8 May 2013
The Queen’s Speech today looks set to be a relatively sedate affair. As Stephen Tall observes, “the Coalition is now pretty much intellectually dead” when it comes to its legislative agenda. Enthusiasm for pushing new ideas has been replaced with a business like determination to deliver what is already underway.
14 March 2013
CentreForum has announced that it will be establishing an independent Mental Health Commission to examine the state of mental health care provision in England.
Through the Commission, CentreForum will set out a liberal approach to mental health care, and evaluate the effectiveness of and progress made by the government's mental health strategy 'No Health Without Mental Health'.
The Commission will be chaired by former Care Minister and CentreForum author Paul Burstow, and spearheaded by up to six highly reputable mental health and social care experts and parliamentarians.
Professor Stephen Lee, Chief Executive of CentreForum, commented:
"The human costs associated with mental health issues are enormous and have a deep personal impact on all those affected. I am delighted that someone of the stature of Paul Burstow has agreed to lead this important initiative on behalf of CentreForum."
The Commission will conduct its investigations over a period of 12 months starting in April 2013.
27 February 2013
One child in five in England reaches the age of 16 lacking the basic skills in literacy and numeracy that are vital for their future success.
That is twice as many as other leading OECD countries including some, like Canada, which have very similar demographics to the UK.
Getting policymakers to tackle this "tail of underachievement" is the focus of an important new book, 'The Tail: How England's schools fail one child in five - and what can be done', edited by Paul Marshall, chairman of ARK Schools, and supported by the think tank CentreForum.*
The book contains contributions from 19 leading educational thinkers. It is being launched today [27 February] by a cross party panel that will include Education Secretary Michael Gove, Schools Minister David Laws, and Chair of Ofsted, Baroness Morgan of Huyton.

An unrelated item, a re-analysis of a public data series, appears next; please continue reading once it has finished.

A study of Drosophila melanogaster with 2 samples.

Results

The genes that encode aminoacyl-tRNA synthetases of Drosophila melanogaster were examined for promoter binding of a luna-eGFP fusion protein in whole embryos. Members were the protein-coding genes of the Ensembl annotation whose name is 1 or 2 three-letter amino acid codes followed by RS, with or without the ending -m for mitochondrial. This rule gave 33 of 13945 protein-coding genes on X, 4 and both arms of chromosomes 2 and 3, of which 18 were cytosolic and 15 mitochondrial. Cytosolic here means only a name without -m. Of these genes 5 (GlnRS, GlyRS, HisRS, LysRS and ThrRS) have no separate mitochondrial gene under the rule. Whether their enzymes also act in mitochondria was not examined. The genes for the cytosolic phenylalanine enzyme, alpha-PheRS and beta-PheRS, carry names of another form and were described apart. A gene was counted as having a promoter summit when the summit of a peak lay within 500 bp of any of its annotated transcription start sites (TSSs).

'The Tail', published Profile Books, reveals the extent to which schools are failing to raise the achievement of the lowest performing 20 per cent of pupils. It finds that the "tail" exists in every local authority and across every type of state school, and includes children from a range of backgrounds.
The book identifies that economic disadvantage is not the only factor in under performance. Irrespective of high levels of disadvantage, the approach taken by some local authorities, such as Tower Hamlets, has led to schools achieving a striking improvement in attainment while schools in other areas, such as Knowsley in Merseyside, perform strikingly worse.
The book calls for action to address the highly variable performance of local authorities across the country. Its suggestions include getting policymakers to replicate the success of London Challenge by creating a network of new Regional Challenges in the poorest performing regions. If all local authorities matched the effectiveness of Tower Hamlets, it is calculated that the number of children ending up in the "tail" each year would fall from 103,000 to just 30,000.
Moreover, whilst raising attainment for pupils overall, research commissioned for 'The Tail' shows that effect of academy conversion on the bottom quartile of pupils has been negligible.
The book calls for a concerted effort from government and school leaders to reduce the size of England's "tail" and sets out a number of ways that this can be achieved.
Michael Gove said: "This book is a compelling, at times moving, and immensely persuasive manifesto."
David Laws said: "This is an absolutely fantastic book which addresses the biggest challenge in English education. The essays shine new light on the problem of England's tail of low performance, and challenge policymakers and schools to rise to the challenge."
Lord Adonis, the architect of the academies programme, added: "Eradicating the tail of poor education is the key priority for our schools. This book tells us how to do it."
Editor of 'The Tail' Paul Marshall said:
"It is essential for all of society that we reduce the size of the tail. Our country needs to be much more ambitious for all our children. Poor education not only blights the lives of the children concerned but denies us the talents of a huge section of our population and imposes huge lifetime costs on society."
"We need a step change in ambition and expectations across the board, from ministers to civil servants, local authorities, school governing bodies and teachers."
* Pupils in the "tail" achieve fewer than five D grades at GCSE level.
NOTES TO EDITOR
Visit www.thetailonline.com for further information.